I was just wandering how many full timers are on the forum and if they would share some of the pro's and con's of it. My wife and I are talking of this lifestyle when we retire. Would like to hear your input.



Lot's of great info from the members here I'm sure, but if you haven't already, you can also check out the escapees forum as many of them are full-timers.


Pros for me include the ability to travel the country and live in different environments (desert, forest, plains, near saltwater, etc.), to be able to move north, south, east or west to place myself in the most comfortable climates, living a life without dealing with a lot of "stuff" to complicate things, and knowing that if I get bored with a place that I can go wherever I want.

Cons include things like not being closer to my kids families as much as I like (too cold and wet in Seattle much of the year for me), not having ready access to some tools and equipment (I would like to have some woodworking equipment, but weight would be an issue- however, I've thought about getting into wood carving, which would require minimal equipment), sometimes experiencing "iffy" or lacking connection to cell service (I like boondocking in remote places at times).

It's a different kind of life, requiring a person to adopt and accept a unique routine. Things like dumping waste tanks, filling fresh water tanks, running a generator once or twice a day (if you don't have solar, or spend most of your time in RV parks with utilities) become a part of life. Some, like me, enjoy doing those things. Others might feel it's a hassle not worth dealing with.

It's important to try to be as self sufficient as possible, and to be prepared for the worst. For instance, last week my generator quit working. Getting it repaired at a shop wasn't an option, because I need the generator daily. I made a 200 mile round trip to buy new Honda the day after mine broke down. A couple days later, I was able to fix the old one (it was simply a couple of broken wires).

Your water pump might go out and you'll have to live out water jugs for a while. Your furnace might quit working, or your refrigerator could die. Batteries can go bad, the roof can start leaking, propane can quit flowing, pipes can freeze and crack, tires/bearings/brakes can fail- a lot can go wrong.

The more problems a person can fix/repair/deal with, the easier it is to fulltime. If a person has to call a traveling technician, or go to a shop every time there's a problem, they'd potentially be spending a lot of down time from camping, not to mention the expense while the rig's being repaired (hotels, etc)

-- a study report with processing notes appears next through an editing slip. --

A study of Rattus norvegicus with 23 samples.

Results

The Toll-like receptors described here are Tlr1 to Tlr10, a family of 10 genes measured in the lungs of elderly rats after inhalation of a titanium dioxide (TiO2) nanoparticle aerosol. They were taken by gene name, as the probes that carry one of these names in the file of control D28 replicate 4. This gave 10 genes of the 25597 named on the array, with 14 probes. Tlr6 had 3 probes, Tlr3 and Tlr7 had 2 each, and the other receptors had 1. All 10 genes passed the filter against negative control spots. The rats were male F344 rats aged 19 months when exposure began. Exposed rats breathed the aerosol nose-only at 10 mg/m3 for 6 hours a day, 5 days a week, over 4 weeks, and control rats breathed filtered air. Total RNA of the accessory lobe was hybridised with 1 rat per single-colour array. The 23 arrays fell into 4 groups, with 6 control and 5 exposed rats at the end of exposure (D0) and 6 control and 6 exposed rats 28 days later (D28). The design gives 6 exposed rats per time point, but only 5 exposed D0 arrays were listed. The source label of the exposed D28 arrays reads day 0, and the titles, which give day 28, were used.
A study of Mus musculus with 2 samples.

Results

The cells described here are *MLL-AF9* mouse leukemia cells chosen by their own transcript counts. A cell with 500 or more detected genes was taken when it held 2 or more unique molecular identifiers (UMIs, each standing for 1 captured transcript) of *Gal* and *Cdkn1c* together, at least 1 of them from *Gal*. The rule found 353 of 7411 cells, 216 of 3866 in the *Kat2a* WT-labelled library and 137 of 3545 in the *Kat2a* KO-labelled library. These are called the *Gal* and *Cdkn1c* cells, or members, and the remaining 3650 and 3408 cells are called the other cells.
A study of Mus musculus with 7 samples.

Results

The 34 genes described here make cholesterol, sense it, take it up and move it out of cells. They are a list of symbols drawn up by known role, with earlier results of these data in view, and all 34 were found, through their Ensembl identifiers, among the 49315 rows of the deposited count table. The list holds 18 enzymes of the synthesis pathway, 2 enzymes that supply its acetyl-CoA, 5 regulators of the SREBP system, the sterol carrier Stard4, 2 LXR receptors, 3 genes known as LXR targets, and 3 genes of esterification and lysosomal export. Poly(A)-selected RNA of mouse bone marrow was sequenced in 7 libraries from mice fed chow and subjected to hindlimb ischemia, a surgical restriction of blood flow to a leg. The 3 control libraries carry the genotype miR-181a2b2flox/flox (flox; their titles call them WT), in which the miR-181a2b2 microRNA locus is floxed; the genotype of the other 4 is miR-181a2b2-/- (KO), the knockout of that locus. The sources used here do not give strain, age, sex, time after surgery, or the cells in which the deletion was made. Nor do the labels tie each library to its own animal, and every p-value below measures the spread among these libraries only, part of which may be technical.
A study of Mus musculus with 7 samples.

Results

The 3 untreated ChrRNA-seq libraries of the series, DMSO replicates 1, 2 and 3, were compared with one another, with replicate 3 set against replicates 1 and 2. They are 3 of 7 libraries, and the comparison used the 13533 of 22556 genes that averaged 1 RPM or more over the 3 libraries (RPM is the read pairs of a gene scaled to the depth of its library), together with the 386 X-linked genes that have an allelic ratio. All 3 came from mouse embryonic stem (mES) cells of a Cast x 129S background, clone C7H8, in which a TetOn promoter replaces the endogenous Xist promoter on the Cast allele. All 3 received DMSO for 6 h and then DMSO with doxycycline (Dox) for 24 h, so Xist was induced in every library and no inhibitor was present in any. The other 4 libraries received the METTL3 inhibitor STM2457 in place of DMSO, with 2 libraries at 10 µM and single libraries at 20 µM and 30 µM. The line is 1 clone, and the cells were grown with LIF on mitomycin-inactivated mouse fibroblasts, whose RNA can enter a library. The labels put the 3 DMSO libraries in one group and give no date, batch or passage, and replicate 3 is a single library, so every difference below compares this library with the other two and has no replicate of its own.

That's my take on fulltiming. Hope it's helpful.


Making the decision to go "Full Time" is not one to be made rashly! There are a myriad of complications; but there are also a myriad of joys! If you sell your "stick-n-brick" home, you'll have to establish a domicile for drivers' license, vehicle registration & insurance, health insurance, voting, mail, etc. While technically not legal, many people use the address of a relative or trusted neighbor. Keep in mind, though, that that address will influence your insurance rates. So if that person lives in a "high crime" or "high traffic" area, your vehicle insurance could soar. And what happens if that person moves? And will your health insurance cover doctor visits and (heaven forbid) emergency surgeries at your temporary location? Or will you have to return to your domicile location for services?

If full-timing for you means taking your rig to a permanent location, you'll use that location as you domicile. If not, (fortunately) there are several mail forwarding services that can help to provide you with these services. "Americas Mail Box" and "Escapees RV Club" are two that come to mind, but there a others.

Also fortunately, the internet has certainly made full-timing easier! I do all my banking, Social Security transactions, credit card & insurance payments, and most of my communications on line.

Now for the joys!

I can travel virtually anywhere in North America with my RV. I can spend the beautiful spring, summer, and fall in Michigan (my former home), and winters in the warmer and milder south. I've spent the last two winters in the Texas Hill Country. And I've had the opportunity to visit many friends and relatives all over the country while in transit. Campgrounds and fuel will be your two largest continuing expenses. But you can conserve on both by staying in one place for extended periods of time. Most private campgrounds offer reduced rates for stays of a month or more. I prefer Michigan State Parks, but the maximum stay at those is 15 days. So I stay at one for 2 weeks, then move on to the "next closest" park for another 2 weeks. I use my TV (many full-timers use their "toad") for day trips to nearby attractions. Fortunately, I've been able to land several month-long "Campground Host" positions, that provide a free campsite for 30 hours/week of light work. Many folks - like EdAtlanta - get "workcamping" positions. which may provide a free campsite plus wages. Fortunately, also, fuel prices have been "halved" over the last two years. Unfortunately, that probably won't last forever.

Finally, pick your RV wisely. While most RVrs select their rig for 2-10 day outings during the summer, you need to select yours for full timing. That means much more storage space - particularly for clothes. And pick one with a floor plan that meets your needs and has enough space so that you, your significant other, and any pets won't be constantly tripping over each other.

That's my best advice. Hope it helps. Good luck with your full-time prep!